It is well known that the powerful active component of Turmeric is curcumin (from curcuminoids - a group of antioxidants that impart the characteristic golden colour). Studies show this compound is a natural anti-inflammatory with a strong antioxidant capacity. With chronic, low-level inflammation thought to play a part in almost every disease, the benefits of getting this important substance are many. Black pepper, more specifically its active constituent “piperine”, has been shown to enhance the bioavailability of curcumin by up to 2000%.
Whilst a lot of studies focus on curcumin extract, it is important not to throw the baby out with the bath water as the whole Turmeric root has many benefits:
Turmeric has been found to increase the expression of perforin - a protein that plays an important role in immune response. It was shown to be twice as effective as curcumin alone in initiating immune responses.
Not only does turmeric contain powerful antioxidants which neutralise damaging free radicals, it also increases the activity of the body's own antioxidant enzymes - directly blocking, then stimulating the body's own antioxidant mechanisms against free radicals.
Turmeric is linked to improved brain function, especially in the areas of memory and attention span - curcumin has been shown to boost levels of the brain hormone BDNF, which increases the growth of new neurons and fights various degenerative processes in the brain.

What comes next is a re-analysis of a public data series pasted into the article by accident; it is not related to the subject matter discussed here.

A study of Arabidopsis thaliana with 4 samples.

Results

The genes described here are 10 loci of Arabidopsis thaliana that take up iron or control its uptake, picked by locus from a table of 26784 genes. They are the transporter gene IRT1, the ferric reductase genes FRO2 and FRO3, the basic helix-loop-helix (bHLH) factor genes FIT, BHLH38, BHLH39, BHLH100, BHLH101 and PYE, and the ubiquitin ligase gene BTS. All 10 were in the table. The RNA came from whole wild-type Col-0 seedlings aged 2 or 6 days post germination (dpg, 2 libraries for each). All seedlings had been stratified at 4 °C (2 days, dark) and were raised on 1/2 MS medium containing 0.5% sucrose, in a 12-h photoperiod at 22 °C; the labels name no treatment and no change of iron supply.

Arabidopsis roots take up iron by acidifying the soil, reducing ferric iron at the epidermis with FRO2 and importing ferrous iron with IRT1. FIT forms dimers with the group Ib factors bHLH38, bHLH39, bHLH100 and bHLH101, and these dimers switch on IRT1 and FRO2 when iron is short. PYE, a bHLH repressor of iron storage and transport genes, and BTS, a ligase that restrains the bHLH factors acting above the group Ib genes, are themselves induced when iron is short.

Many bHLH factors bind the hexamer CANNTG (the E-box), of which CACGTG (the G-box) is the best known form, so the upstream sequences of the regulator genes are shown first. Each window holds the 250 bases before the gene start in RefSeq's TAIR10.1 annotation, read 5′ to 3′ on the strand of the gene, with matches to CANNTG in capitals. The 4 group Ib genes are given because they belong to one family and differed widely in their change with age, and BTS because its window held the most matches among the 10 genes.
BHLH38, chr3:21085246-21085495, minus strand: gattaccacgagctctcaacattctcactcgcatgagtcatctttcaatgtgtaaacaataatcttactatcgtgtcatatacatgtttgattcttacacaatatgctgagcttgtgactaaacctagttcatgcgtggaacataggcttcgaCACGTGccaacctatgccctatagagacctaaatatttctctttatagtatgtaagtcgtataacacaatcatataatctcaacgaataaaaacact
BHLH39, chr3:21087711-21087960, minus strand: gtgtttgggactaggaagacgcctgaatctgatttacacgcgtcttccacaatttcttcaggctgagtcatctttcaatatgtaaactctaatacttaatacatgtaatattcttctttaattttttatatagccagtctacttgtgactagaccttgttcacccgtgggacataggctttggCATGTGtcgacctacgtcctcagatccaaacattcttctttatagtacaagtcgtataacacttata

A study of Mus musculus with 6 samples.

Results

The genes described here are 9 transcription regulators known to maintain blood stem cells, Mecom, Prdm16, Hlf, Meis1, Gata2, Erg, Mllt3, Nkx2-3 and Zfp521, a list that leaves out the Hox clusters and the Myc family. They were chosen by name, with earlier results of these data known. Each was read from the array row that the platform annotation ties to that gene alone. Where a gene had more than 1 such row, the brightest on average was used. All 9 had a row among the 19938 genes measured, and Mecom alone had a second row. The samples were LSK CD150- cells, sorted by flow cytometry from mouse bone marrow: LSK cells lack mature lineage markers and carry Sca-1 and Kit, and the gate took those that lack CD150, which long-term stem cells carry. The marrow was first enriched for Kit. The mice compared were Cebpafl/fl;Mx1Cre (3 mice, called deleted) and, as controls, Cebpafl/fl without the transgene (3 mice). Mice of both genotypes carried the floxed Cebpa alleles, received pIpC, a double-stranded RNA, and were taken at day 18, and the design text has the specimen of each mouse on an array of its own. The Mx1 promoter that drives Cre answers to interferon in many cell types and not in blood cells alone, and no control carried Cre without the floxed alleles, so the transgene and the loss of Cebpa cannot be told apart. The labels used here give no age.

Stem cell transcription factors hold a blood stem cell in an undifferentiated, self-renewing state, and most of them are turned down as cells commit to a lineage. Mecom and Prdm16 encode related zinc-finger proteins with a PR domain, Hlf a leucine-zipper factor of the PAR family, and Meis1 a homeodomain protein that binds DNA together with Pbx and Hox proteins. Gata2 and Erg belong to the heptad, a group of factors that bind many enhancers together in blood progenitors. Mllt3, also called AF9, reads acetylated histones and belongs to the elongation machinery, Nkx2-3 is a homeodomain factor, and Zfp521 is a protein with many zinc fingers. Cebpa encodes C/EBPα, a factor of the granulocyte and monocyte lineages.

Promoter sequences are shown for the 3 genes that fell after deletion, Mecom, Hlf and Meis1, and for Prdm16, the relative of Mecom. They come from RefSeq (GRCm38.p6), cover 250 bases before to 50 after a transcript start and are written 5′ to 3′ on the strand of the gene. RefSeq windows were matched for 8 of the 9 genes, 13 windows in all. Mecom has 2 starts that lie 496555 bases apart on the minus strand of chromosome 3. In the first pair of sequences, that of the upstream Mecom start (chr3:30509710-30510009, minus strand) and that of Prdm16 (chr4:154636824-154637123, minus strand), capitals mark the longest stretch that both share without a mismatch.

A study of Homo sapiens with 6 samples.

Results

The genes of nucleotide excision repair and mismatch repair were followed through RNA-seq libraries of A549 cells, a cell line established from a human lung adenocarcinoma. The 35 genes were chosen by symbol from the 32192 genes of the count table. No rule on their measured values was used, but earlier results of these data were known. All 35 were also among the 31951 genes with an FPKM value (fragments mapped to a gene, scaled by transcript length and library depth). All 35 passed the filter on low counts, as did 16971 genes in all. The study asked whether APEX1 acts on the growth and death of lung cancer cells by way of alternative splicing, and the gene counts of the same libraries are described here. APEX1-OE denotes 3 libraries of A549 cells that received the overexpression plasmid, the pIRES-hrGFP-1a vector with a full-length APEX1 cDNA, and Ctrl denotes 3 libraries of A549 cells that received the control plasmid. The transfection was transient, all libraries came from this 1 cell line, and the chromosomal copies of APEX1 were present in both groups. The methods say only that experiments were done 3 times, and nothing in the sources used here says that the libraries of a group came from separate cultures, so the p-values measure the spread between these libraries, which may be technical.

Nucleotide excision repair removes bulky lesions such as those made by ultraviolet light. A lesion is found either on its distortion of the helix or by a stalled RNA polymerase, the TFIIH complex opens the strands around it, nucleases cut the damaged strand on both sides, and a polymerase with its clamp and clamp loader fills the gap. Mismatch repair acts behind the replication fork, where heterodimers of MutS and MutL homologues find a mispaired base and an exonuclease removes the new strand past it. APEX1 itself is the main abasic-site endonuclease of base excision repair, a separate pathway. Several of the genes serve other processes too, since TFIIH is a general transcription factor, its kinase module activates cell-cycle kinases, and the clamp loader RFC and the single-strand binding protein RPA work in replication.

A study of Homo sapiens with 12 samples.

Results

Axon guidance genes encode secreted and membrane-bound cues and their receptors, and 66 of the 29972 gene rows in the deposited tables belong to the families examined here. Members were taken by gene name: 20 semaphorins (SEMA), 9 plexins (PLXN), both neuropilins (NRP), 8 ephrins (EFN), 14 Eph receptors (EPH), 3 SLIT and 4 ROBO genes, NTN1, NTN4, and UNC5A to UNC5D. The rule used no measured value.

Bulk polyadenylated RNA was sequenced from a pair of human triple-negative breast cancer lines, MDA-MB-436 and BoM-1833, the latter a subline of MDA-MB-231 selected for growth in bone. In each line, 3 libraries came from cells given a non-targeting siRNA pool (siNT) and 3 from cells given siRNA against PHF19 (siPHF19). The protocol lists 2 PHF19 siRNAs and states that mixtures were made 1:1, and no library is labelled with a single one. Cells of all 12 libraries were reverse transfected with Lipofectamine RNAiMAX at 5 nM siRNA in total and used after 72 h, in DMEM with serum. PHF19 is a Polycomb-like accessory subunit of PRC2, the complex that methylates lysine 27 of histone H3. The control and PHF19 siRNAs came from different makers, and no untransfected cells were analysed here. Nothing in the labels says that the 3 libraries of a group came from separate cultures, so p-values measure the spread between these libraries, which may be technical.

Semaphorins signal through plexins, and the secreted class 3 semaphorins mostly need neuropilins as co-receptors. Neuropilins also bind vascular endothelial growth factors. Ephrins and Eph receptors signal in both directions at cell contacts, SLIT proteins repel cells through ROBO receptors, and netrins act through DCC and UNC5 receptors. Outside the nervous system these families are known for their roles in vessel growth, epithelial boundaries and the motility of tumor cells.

Curcumin improves the function of endothelium - the lining of the blood vessels. Endothelium dysfunction is a well known driver of heart disease.
Arthritis Pain Relief
Most cases of arthritis involve some kind of inflammation of the joints. Due to its powerful anti-inflammatory effects, turmeric has been found to improve various symptoms including pain.
Turmeric benefits don't stop there - its antibacterial properties can help to heal wounds and skin abrasions, it increases liver function and moderates insulin response. It is also especially rich in B vitamins, vitamin C and a wide spectrum of essential minerals.
Folklore and history
Powdered turmeric is often used as a colourant in foods, and is a staple in curry sauces. It is known as Indian Saffron. It has been used traditionally to dye cloth, the orange colour of monk’s robes comes from turmeric.
Turmeric is highly prized as a sacred plant in India. It is made into a paste and used to anoint and adorn the skin in religious and marriage ceremonies.
Known as the "Spice of Life" and "Queen of the Spices", Turmeric is perhaps the most famous of Indian Superfoods. Whilst it is widely used in cooking - no curry is complete without the inclusion of this golden wonder spice - there is not a system in the body that isn't supported by the powerful antioxidant qualities of Turmeric.
Turmeric Powder: Add to curries, encapsulate, add to smoothies or use to make Golden Milk
Turmeric Tincture: Take 1-2ml, 2-3 times per day.
Turmeric contains curcuminoids (curcumin, demethoxycurcumin and bisdemethoxycurcumin), and a volatile oil containing turmerone, zingiberene, cineole, monoterpenes, starch & proteins, Vitamins: C, B2, B3, B6, Folate, E & K. Minerals: Potassium, Phosphorus, Magnesium, Calcium, Iron, Zinc, Copper & Manganese.
Turmeric can cause heartburn, stomach cramps or nausea.